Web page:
Economists over the years have had a schizophrenic attitude toward low probability but highly costly events. One school of thought argues that most people give less attention to such events than is merited, and that this explains why many households do not to take out flood, earthquake, and other insurance on very small risks (although there may be other explanations of this fact). Some psychologists and economics claim the opposite, that people give too much attention to low probability events, as in much of modern behavioral economics.
Whether BP paid enough attention to the chances of and damages from a serious leak on its Deepwater Horizon rig in the Gulf of Mexico is at the heart of any evaluation of whether BP was negligent in its safety approaches to this well. The chief executive of BP, Tony Hayward, claimed that an accident of the magnitude of this one had “a one in a million” chance. It is ironic that when Hayward became chief executive, he vowed to focus “like a laser” on safety and reliable operations.
Suppose that his estimate is correct, in the sense that the probability of an accident of this magnitude in any year was one in a million. If the accident ends up causing a $100 billion worth of damages to fish, beaches, loss of lives, and in other ways, the discounted value (at a 5% interest rate) of this expected cost over time would then be approximately 20 times $100 billion divided by one million, or $2 million. A risk neutral BP would rationally not want to spend more than that amount to prevent such a leak from happening. Perhaps the damages from this oil spill will turn out to be as much as $200 billion, although this seems highly unlikely, especially since the value of BP’s shares have declined by about $90 billion since the April 20th disaster. Even if the damages were more than twice as large as the decline in share value, the expected damages would only be about $4 million, a modest expected risk for any large business.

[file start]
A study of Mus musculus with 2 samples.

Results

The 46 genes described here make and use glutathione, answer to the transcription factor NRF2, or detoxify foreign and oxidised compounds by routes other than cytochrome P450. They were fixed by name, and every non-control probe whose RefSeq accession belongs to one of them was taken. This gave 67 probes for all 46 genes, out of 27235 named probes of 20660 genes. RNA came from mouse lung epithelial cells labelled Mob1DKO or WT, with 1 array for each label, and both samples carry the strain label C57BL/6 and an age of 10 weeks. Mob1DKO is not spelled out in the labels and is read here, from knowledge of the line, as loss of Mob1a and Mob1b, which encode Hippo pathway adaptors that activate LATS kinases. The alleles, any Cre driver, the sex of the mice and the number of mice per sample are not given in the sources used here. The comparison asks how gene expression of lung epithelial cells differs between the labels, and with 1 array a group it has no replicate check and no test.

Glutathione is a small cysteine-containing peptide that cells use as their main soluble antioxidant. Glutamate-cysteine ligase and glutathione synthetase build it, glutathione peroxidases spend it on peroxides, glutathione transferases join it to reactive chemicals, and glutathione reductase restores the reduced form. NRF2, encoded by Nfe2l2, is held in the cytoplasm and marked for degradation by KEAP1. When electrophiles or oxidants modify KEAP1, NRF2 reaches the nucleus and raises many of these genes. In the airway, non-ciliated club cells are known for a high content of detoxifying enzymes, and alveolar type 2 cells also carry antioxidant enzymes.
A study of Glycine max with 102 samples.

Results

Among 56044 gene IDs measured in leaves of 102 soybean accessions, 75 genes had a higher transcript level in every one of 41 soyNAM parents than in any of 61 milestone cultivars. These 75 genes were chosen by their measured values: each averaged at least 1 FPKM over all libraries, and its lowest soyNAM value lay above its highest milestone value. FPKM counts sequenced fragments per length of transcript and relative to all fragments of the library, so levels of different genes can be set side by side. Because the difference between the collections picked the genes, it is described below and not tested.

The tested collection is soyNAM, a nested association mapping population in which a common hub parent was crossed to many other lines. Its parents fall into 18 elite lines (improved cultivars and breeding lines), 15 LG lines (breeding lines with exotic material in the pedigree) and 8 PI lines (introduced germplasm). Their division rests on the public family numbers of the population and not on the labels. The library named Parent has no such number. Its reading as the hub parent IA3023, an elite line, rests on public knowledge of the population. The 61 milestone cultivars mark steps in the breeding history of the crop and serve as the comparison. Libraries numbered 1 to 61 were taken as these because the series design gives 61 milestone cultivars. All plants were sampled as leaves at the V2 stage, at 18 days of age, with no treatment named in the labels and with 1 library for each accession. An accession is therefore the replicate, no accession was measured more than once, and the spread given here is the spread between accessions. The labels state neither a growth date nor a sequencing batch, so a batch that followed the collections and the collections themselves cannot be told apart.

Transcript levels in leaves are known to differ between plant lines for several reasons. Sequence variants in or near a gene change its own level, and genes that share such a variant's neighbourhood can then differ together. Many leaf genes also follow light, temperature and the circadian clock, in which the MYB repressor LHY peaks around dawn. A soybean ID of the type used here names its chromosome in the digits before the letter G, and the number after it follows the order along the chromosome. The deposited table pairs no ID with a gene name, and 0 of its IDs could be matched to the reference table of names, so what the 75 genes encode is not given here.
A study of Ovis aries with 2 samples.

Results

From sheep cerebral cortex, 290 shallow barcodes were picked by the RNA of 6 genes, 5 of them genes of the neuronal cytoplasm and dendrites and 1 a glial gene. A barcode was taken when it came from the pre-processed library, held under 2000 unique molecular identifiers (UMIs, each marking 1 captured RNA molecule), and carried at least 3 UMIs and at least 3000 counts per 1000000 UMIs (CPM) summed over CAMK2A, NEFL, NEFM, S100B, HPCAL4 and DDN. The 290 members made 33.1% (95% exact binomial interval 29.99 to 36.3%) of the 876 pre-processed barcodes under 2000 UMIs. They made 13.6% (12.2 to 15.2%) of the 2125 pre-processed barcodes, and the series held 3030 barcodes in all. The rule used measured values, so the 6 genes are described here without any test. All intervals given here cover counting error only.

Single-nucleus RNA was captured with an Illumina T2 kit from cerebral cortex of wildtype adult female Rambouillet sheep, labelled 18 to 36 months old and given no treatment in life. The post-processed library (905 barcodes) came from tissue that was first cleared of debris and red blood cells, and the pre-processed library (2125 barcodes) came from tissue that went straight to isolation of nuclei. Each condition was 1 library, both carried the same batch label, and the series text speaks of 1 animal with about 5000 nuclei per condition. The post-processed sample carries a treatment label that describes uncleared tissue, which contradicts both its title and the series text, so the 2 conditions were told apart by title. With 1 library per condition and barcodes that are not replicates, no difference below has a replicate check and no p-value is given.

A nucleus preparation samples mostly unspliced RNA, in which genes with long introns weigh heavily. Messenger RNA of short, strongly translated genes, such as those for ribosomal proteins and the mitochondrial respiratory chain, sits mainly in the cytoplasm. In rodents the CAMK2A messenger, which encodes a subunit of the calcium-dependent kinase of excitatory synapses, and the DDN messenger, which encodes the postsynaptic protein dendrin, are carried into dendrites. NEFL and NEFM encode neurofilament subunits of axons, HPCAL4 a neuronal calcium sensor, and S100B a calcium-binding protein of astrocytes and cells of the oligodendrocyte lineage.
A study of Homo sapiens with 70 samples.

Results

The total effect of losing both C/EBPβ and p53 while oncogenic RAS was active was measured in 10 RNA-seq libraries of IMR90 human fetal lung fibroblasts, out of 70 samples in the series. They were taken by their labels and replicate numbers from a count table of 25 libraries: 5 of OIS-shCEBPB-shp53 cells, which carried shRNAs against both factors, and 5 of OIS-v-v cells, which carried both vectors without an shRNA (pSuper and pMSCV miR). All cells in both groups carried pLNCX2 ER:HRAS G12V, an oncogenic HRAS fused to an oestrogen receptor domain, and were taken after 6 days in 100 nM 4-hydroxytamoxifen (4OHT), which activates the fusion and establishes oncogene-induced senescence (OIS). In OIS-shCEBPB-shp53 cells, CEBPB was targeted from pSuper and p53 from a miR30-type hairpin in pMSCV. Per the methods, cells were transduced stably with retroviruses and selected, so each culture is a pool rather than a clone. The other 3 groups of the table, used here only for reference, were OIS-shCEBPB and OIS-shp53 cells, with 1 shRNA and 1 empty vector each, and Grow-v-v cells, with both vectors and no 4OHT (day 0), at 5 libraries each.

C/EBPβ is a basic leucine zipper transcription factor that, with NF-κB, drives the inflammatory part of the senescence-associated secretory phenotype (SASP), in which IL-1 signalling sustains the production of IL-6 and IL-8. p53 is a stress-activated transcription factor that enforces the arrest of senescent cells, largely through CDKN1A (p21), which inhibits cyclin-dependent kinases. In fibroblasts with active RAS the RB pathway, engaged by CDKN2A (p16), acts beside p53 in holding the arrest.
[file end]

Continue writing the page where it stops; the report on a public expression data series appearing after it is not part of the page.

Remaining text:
Of course, to justify their poor preparation to combat such a large leak of oil, Hayward may have greatly understated its probability. As Posner emphasizes, it is very difficult to estimate with any precision what is the actual probability of highly infrequent events, and such a leak would fall within this class. So if the annual probability were really more like 1/10,000 rather than 1/1,000,000, the expected discounted cost would be about $200 million, a more considerable sum. These examples show that only when the annual probability of such a disaster was reasonably large would it have paid for BP to spend a lot to prevent such a leak from happening.
Given the litigation that resulted from the 1989 Exxon Valdez oil spill off Alaska, and from other oil leaks, BP should have expected that it would be held liable in court for the damages caused by leaks from its deep water drilling. However, it could hardly have expected to be liable for new types of claims, such as the one proposed by the Obama administration that BP should be responsible for the wages lost by workers who are laid off as a result of the six month moratorium proclaimed by the president on all drilling off the American coast. It is ironic that Obama had on March 31st, just a few weeks before the Deepwater Horizon oil spill in April, proposed an extension of offshore drilling. Nevertheless, if the Deepwater leak alerted us to greater risks of offshore drilling than had been realized, BP should not be punished for (inadvertently) providing this useful information.
The president may be right in asking for a moratorium to spend a few months reviewing the safety precautions on all drilling off the US coastline. However, it would be unfortunate if this disaster led to permanently much greater restrictions by the US on offshore drilling for oil since that is at present the most promising source of additional US production of oil. The likelihood, and cost, of future spills has to be weighed against the gains to US national security and energy independence from having greater access to domestically produced oil. Since I believe these gains are substantial, I expect offshore oil production to continue to have an important place in US (and other countries) production of oil since offshore oil is the last frontier in the search for new deposits of oil.